Posted at 5:49 PM, Aug 25, 2022
and last updated 2022-08-25 19:49:16-04

About a year and a half ago, COVID-19 was surging on, and the Montana Legislature passed a bill altering who had the authority to make public health decisions. Now, in Yellowstone Country, a new legislative body is forming with the goal of tackling future public health events.

Throughout the COVID-19 pandemic, local public health was heavily scrutinized. Mask mandates and public-health recommendations were debated across the country.

In 26 states, public health’s authority on the statewide level was rolled back, and more decision making was shifted to elected officials. One of those 26 states was Montana.

Yellowstone County Health Officer John Felton has been working with people around the county to establish a new system that will fit with Montana's new law.

“The law doesn’t change the responsibilities of the local board of health or the local health officer in any way. We all have the same responsibilities we had. What’s changed is the authority,” said Felton, the CEO of RiverStone Health, the county's public-health agency.

According to the new law, most day-to-day operations will be left to the discretion of public health officers, but larger decisions prompted by other health crises, such as shutdowns, will now be in the hands of elected officials.

With the new law in place, there has been some uncertainty from the public health community.

“Part of the confusion is it’s not entirely clear in the law what is subject to this approval process and what isn’t. The language is a little confusing,” Felton said.

In order to address that, Yellowstone County is now creating a new coalition of both elected and appointed leaders to work together when making rule changes in the future.

Chief Deputy County Attorney Jeana Lervick has worked closely with Felton to put together a plan. She said that the group has two main objectives.

“The two big ones are that this governing body will ultimately sign off on a new public health officer for when John Felton does retire. The other one is in the event of another pandemic,” Lervick said.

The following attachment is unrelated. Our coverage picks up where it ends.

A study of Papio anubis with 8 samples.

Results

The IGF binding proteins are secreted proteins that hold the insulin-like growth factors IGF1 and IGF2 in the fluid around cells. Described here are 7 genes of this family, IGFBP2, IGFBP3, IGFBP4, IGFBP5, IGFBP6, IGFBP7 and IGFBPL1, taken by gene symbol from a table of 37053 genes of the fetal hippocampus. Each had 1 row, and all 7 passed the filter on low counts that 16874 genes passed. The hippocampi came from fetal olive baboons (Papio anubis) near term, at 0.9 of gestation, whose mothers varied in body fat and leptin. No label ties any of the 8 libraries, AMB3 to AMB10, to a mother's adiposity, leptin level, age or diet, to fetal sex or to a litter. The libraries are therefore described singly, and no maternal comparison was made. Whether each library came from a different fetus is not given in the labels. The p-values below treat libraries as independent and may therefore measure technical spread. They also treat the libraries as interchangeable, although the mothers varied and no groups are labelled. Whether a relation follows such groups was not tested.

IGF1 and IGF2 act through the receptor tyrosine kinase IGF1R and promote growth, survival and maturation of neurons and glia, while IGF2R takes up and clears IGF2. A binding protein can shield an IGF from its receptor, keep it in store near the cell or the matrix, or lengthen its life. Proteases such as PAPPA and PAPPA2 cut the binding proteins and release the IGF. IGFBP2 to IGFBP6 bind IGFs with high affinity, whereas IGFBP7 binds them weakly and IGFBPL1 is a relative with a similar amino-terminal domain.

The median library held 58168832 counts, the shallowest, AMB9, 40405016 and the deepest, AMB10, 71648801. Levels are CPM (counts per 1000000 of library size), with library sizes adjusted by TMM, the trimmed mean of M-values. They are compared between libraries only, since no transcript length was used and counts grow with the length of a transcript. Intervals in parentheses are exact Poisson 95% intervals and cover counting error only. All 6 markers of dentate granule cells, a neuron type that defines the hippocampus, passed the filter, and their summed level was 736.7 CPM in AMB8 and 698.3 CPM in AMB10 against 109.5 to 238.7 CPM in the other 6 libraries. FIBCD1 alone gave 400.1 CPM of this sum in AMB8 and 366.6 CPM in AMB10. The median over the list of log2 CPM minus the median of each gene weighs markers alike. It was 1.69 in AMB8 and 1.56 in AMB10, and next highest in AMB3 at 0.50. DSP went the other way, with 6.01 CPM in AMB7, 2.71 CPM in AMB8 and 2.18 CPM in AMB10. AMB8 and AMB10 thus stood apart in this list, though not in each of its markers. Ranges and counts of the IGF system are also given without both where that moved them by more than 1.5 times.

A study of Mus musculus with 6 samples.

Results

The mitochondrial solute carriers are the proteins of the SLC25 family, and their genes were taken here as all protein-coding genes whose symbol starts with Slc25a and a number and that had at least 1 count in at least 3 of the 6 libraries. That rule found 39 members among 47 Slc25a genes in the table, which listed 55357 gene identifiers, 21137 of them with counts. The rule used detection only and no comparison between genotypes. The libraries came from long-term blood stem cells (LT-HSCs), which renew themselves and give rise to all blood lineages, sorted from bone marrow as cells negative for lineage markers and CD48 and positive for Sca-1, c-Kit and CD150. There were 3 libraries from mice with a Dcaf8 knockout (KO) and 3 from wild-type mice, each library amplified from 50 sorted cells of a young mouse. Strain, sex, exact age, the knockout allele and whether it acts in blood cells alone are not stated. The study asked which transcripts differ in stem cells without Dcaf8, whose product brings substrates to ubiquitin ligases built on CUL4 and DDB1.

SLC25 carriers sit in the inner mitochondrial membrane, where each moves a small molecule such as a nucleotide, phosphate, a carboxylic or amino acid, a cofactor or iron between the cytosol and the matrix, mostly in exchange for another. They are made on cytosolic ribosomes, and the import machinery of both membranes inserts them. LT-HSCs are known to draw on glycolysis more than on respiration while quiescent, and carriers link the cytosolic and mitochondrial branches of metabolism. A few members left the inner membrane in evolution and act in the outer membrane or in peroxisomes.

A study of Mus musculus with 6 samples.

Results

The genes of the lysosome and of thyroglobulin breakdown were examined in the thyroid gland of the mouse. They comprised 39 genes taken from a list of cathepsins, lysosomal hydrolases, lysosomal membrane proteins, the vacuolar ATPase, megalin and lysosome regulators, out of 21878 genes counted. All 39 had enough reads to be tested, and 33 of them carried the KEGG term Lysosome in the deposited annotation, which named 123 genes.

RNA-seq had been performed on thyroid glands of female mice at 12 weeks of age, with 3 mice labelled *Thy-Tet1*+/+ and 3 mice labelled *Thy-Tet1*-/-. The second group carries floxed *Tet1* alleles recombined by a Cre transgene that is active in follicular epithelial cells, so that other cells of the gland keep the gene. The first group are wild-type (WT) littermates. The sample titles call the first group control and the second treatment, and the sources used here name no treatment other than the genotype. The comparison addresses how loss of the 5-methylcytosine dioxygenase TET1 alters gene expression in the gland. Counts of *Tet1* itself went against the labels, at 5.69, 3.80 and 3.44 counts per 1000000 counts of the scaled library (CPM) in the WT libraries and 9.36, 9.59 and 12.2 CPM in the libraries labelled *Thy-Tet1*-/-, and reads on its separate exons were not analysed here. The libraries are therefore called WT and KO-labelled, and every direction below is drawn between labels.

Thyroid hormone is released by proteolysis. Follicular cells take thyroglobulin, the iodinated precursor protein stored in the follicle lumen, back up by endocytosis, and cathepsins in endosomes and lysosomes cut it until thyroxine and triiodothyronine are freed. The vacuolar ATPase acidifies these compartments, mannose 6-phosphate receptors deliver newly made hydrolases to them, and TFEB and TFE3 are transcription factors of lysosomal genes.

Felton has an ideal situation for the new system he’d like to see implemented.

“To me, what makes the most sense, and what I’ve personally advocated for, is for a small subset that has the authority granted by those bodies to act as that local governing authority for those certain decisions,” Felton said.

While the process of forming this body has not been easy, Felton and Lervick have worked to make sure that all of the communities in Yellowstone County are included.

“It’s complicated. It’s important though to the commissioners and to the cities as well that everyone is represented and represented well,” Lervick said.

“The larger players in the operation are the city of Billings and Yellowstone County, and so we are trying to get them on the same page. And then we’ll work more closely with Laurel to make sure we can get all three of them to come to a decision,” Felton said.

Regardless of the new bill or legislative body, Felton says the health department’s mission will remain the same.

“Our goal is really simple; we want to have a healthy and safe community. It’s really no more complex than that,” Felton said.